Atheist Group Urges Congressmembers to Stop Participating in the National Prayer Breakfast

An atheist group is urging members of Congress to stop participating in the annual National Prayer Breakfast.

According to Faithwire, the Freedom From Religion Foundation has reached out to Congress in letters, asking them to stop sponsoring the annual breakfast.

“Are we really still doing this in 2021?” FFRF co-president Annie Laurie Gaylor said in a statement. “Year after year, scandal after scandal, and still not a single prayer has been answered. All they’re proving is that they don’t respect the separation of state and church and that their god doesn’t give a fig for their mimosa-driven pleas.”

The annual breakfast takes place on the first Thursday in February each year. The president traditionally attends to share about his own faith. Members of Congress also attend. Other guests from around the world and from different organizations typically attend the event as well.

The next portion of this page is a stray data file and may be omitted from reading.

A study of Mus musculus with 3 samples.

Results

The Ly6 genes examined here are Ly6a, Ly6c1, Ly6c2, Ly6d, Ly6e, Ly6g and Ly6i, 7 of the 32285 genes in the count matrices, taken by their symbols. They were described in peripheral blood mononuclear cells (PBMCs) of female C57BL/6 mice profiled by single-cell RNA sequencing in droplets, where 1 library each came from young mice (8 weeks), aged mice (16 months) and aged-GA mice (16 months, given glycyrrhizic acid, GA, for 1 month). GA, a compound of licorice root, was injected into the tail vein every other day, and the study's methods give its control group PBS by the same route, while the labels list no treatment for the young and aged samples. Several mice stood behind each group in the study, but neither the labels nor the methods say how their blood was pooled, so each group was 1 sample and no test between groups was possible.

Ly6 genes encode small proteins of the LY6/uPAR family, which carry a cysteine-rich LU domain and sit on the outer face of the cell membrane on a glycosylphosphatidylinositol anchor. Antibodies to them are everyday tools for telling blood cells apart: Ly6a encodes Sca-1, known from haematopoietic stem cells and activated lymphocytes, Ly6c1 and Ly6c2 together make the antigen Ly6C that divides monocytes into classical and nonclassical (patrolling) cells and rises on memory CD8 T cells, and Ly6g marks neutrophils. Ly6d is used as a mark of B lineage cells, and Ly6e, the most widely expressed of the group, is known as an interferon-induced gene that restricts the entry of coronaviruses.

“Members of Congress who sponsor or attend the event in their official capacity unfortunately and perhaps inadvertently are sending a clear message that their office endorses the event’s religious message, in violation of the Establishment Clause of the First Amendment,” the letter reads, in part.

Said FFRF Co-President Dan Barker: “I wish they’d get off their knees and get to work. Imagine if they spent that time debating Supreme Court reform or ending the filibuster instead of engaging in the hypocrisy their savior condemned in his Sermon on the Mount.”

The FFRF also said there have been several “scandals” at previous breakfast events.

“Russian spies, Christian nationalists and theocrats, anti-LGBTQ bigotry, influence-peddling, and a shadowy religious group known as The Family,” FFRF director of strategic response Andrew Seidel said. “The National Prayer Breakfast contains all of this.”

The National Prayer Breakfast started in 1953 with President Dwight Eisenhower.

“All free government is firmly founded in a deeply felt religious faith,” Eisenhower said at the first breakfast to 400 people.

Photo courtesy: ©Getty Images/Win McNamee/Staff

Amanda Casanova is a writer living in Dallas, Texas. She has covered news for since 2014. She has also contributed to The Houston Chronicle, U.S. News and World Report and She blogs at The Migraine Runner.